Passive fluency


    • Passive fluency is where a person can fluently read and audibly understand a language whilst not having the ability to fluently speak or write the language. Passive fluency is often brought about by being raised in one language (which becomes the person's passive language) and being schooled in another language (which becomes the person's native language).

      People who are passively fluent in a language are often latent speakers who were raised in an environment where the language was spoken but did not become native speakers.

      A more common term for this phenomenon is 'passive bilingualism'. Grosjean argues that there has been a monolingual bias regarding who is considered a 'bilingual', where people who do not have equal competence in all their languages are judges not speaking properly. 'Balanced bilinguals' are, in fact, very rare, and the fluency of a bilingual in his/ her languages is domain- specific: it depends on what they need the languages for. This means that speakers may not admit to their fluency in their passive language, despite the fact that there are social (extralinguistic) factors underlying their different competencies.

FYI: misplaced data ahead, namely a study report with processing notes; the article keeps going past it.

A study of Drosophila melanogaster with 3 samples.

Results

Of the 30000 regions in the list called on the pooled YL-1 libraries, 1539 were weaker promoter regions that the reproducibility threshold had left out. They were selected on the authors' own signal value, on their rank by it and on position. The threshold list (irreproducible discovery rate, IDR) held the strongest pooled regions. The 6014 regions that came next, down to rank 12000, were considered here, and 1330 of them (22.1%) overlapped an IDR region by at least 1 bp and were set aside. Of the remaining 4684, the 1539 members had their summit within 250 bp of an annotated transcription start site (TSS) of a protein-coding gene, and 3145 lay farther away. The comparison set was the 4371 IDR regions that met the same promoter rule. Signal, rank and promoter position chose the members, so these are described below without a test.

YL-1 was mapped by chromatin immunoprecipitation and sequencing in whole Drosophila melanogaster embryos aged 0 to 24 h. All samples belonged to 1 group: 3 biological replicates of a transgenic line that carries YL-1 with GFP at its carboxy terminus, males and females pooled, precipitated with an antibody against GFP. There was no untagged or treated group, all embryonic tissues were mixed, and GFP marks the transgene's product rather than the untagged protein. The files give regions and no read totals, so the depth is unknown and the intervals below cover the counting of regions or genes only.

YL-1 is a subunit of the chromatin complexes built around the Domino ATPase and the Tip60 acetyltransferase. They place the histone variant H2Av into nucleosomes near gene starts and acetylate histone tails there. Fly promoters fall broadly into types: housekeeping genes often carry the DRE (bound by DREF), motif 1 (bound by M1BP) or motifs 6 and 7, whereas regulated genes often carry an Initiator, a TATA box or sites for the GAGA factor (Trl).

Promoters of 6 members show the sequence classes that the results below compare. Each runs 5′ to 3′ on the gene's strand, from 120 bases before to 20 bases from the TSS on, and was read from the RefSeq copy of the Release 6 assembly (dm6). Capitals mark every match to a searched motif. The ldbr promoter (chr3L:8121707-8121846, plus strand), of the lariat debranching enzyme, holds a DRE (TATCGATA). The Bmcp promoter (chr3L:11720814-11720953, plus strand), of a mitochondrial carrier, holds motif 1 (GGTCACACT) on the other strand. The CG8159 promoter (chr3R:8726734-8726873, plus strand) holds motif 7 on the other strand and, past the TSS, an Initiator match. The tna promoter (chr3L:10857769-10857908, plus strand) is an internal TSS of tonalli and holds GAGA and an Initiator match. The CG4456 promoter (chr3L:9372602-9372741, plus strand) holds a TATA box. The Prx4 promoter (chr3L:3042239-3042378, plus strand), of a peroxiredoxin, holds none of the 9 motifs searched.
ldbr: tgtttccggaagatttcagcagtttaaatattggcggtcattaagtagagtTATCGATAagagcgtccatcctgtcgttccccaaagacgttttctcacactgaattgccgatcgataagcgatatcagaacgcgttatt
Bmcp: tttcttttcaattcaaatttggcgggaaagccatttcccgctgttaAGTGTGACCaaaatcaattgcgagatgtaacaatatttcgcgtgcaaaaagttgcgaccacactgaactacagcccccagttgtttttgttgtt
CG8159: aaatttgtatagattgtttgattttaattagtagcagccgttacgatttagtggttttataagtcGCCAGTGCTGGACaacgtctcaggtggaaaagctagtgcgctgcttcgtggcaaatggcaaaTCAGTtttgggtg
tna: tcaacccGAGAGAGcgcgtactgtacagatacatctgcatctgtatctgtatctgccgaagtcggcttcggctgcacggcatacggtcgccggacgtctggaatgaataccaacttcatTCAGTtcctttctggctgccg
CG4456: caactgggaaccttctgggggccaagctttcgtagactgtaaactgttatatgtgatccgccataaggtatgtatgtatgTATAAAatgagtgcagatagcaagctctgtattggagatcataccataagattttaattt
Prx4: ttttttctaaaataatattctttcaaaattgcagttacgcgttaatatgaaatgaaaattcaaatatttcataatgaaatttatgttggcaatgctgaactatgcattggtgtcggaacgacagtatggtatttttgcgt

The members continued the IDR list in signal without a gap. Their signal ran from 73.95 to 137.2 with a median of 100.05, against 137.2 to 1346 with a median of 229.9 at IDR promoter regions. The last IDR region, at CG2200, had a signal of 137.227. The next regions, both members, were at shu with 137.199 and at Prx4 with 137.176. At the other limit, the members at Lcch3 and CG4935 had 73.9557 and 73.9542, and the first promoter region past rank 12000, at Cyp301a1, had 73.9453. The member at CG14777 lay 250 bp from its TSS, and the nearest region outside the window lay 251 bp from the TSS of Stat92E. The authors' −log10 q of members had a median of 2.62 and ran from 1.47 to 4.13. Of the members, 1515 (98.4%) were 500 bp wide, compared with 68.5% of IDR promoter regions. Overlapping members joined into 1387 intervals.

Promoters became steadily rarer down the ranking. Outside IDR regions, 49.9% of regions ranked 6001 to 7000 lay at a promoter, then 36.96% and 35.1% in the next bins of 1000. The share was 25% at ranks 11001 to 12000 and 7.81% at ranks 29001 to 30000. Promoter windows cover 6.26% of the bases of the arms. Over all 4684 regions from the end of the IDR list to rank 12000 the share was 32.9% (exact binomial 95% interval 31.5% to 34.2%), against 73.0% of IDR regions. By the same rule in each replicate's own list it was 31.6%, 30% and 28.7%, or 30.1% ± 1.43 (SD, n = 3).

Karlos Cid Abasolo discusses that passive bilingualism would be a minimum requirement for the co- official status of Basque and Spanish to become a working reality. As there are currently many monolingual Spanish speakers, and no monolingual Basque speakers, there is not yet a situation where an individual fluent in Basque could speak in his/ her mother tongue, regardless of the domain, circumstance or interlocutor.